Last Updated Sep 16, 2010 7:24 AM EDT
Professor Jennifer Aaker and tech marketer Andy Smith, however, were after good answers and decided to tackle the question in their new book, The Dragonfly Effect: Quick, Effective, and Powerful Ways to Use Social Media to Drive Social Change. Recently, they outlined the essence of their ideas in an interview for Stanford Knowledgebase.
Their basic argument is to construct a campaign around a cause, and make it emotional. They use the metaphor of the dragonfly, the only insect that can fly in any direction, as their guiding example. To capture the dragonfly's agility, social media managers need to ensure they have four principles of the medium -- what Aaker and Smith call "wings" -- working properly.
- Focus. Concentrate on a single clear outcome rather than "thinking big." The idea is to concentrate your resources on this. The book outlines several steps for doing this: Set a goal, break it into smaller sub-goals, decide how to measure success, and create a concrete, specific action plan you can revisit and use as a management guideline.
- Grab Attention. Once you know what you want to do, you need to get your audience's attention. Key tips: Be original, keep it simple, make it grounded, and use visual imagery.
- Engage. To "tee up" your audience to take action, get them emotionally involved in your cause. To do this, you need to understand what engages people. Stories and personal engagement are key. You should tell your story using a variety of media. For example, some people prefer Facebook to Twitter or email to blogs. Use these online connections to engage people in offline actions. Barack Obama's 2008 presidential campaign was adept at using email and text messages to connect with supporters, and it also got some of those supporters to organize campaign events themselves.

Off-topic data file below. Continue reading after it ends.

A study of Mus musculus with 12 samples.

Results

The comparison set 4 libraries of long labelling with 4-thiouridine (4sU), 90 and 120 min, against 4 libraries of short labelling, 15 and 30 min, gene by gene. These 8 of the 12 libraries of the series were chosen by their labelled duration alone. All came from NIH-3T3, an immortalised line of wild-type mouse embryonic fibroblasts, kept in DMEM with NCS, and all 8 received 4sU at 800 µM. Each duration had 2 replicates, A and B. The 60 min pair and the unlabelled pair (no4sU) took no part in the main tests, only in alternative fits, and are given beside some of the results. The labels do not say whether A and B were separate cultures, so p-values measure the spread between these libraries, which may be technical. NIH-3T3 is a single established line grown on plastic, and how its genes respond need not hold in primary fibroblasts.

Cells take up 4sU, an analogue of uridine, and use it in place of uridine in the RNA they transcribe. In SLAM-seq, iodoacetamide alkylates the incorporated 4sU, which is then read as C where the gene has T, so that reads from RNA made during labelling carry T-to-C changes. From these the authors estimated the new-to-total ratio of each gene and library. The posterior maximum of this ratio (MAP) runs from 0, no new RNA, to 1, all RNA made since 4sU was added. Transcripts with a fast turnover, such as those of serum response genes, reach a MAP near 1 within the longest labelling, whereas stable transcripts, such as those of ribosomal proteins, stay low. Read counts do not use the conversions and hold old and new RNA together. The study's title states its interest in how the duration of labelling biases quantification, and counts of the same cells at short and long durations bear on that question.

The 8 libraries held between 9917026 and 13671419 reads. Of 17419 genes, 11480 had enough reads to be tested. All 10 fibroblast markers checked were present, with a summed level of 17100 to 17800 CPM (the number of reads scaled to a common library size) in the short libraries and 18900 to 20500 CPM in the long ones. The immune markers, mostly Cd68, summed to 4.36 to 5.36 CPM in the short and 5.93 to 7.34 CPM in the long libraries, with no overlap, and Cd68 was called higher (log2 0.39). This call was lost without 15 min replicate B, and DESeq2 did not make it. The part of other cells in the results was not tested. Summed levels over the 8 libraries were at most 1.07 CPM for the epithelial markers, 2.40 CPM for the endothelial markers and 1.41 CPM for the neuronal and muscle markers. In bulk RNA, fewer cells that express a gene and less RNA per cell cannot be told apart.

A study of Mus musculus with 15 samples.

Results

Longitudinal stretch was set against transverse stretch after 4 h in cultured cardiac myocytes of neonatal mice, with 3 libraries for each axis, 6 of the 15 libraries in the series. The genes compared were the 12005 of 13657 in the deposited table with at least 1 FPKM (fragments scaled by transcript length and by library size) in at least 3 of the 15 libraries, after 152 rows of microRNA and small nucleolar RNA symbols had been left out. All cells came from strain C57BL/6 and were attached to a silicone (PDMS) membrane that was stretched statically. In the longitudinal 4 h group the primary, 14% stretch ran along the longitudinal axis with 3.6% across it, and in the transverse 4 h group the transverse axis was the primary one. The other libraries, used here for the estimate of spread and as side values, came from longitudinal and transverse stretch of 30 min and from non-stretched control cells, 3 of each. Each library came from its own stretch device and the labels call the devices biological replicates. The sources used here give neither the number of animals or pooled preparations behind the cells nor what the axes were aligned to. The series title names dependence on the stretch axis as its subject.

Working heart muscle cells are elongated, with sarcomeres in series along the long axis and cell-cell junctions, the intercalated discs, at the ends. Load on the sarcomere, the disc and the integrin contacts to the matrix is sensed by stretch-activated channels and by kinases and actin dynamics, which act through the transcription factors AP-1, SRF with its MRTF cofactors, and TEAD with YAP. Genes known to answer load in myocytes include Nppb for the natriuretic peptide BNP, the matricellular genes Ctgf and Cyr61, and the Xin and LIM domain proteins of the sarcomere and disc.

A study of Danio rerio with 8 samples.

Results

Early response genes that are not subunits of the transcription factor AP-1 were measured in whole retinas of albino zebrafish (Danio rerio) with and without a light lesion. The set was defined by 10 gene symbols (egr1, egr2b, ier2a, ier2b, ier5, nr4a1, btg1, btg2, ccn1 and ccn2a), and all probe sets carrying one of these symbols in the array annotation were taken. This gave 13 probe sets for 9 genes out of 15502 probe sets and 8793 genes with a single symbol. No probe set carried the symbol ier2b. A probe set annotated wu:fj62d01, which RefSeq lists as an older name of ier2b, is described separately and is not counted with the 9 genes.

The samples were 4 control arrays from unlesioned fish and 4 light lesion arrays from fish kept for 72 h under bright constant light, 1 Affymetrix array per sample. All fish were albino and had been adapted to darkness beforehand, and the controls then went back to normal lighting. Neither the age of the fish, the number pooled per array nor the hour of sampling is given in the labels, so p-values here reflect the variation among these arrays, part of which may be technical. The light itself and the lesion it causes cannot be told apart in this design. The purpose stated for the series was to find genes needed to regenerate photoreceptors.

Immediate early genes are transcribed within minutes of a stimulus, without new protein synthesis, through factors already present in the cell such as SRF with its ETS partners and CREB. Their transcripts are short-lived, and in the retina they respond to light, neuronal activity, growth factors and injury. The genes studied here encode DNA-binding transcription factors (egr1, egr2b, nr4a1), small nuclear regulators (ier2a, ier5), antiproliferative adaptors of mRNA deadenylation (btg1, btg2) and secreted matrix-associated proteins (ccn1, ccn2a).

- Take Action. Once you know what you want to accomplish and have engaged your audience, it's time to get your audience to act in a way that makes your cause become its cause, usually by asking people to volunteer time, money, or both. It's critical, particularly early on, that people get positive reinforcement; you need to give your audience feedback in real time reflecting its contribution.
For-profit companies are increasingly using these strategies to engage employees and customers, either within the framework of a corporate foundation or corporate social responsibility office, or as a way to increase the appeal of their product by tying it to a social good.The interview is in-depth so check out the full article for many more insights.
"We define social good broadly, as something where significant benefit extends beyond you or the organization," Smith said. "The more relevant the good is to what you do, the more customers are likely to reward you for doing it, through product choice or loyalty." For example, a case study of Starbucks shows how the company reinvigorated its brand by becoming the world's largest buyer of "fair-trade-certified" coffee -- using a blog and Twitter to connect with its customers.